One Fact About Lying That Will Help You With Your Kids
This one truth can help you deal with lying in your kids:
Dishonesty always occurs under pressure.
Kids need internal character to combat the external pressure. For example, some lie to escape punishment. They fear what might happen if they tell the truth, so they try to protect themselves. Children sometimes think that lying is the easy way out, but, in fact, it often makes life more difficult. The child who is prone to lie in challenging situations demonstrates poor character. If not dealt with, deceit gets worse.
Other times, children lie to get ahead or appear better than they really are. When children don’t like something about themselves and would rather be someone different, they sometimes cover up their perceived faults with a veil of dishonesty. In the end they are saying, “If you really knew me, you wouldn’t like me.” Another reason children lie is to gain attention. They exaggerate stories or make things up to impress others. After all, the person who tells a good story is listened to and appreciated. If a child doesn’t have a real story to tell, the temptation is to create one. Lying can be a way to gain attention by having a bigger story than someone else.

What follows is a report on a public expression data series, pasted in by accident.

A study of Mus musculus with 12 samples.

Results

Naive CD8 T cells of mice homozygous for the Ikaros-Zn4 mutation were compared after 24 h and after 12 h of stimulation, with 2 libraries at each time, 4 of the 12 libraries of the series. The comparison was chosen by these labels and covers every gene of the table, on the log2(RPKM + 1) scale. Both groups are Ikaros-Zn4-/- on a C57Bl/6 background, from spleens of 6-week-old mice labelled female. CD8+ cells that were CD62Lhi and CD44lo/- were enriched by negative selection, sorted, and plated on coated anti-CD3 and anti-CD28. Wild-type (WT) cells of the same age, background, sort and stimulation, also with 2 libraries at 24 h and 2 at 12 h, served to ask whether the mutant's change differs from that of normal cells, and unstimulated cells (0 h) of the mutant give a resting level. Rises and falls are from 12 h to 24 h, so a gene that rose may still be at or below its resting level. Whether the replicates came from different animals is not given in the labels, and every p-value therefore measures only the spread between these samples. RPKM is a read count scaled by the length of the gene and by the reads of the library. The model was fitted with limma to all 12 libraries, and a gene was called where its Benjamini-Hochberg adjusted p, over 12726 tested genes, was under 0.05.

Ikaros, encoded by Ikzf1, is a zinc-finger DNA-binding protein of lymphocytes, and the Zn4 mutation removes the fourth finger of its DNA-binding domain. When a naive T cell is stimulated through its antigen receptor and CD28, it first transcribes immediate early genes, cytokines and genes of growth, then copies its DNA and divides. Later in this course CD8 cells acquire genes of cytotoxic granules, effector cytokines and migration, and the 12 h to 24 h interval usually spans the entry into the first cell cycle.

Lying is an Indication of an Underlying Problem
It’s hurtful, confusing, and frustrating for a parent when a child lies. Instead of reacting in anger, take some time to recognize what’s going on and then begin to develop a plan that focuses on integrity. Teach kids that lying always occurs under pressure. The person who lies doesn’t have the internal strength to face the challenge. Some children lie to get attention, to get something they couldn’t get honestly. They might want to be accepted or get out of trouble. Each one of those examples represents a pressure that’s greater than the internal character. Kids who lie often need specific strategies for addressing the pressure that’s placed before them. The first step is to understand the underlying issues. The lying is wrong but the overall solutions may involve training other areas of a child’s heart. The child who wants attention needs to learn how to get it by serving others instead of fabricating or exaggerating a story. The child who tries to avoid getting into trouble needs to develop a confidence that mistakes can be turned into lessons with the right response. Working on these other issues will complement the direct confrontation needed for the child who lies.
Lying Often Requires a Multifaceted Solution
For more information about a plan for working on honesty take a look at chapter eight in the book Good and Angry: Exchanging Frustration for Character in You and Your Kids by Dr. Scott Turansky and Joanne Miller, RN, BSN.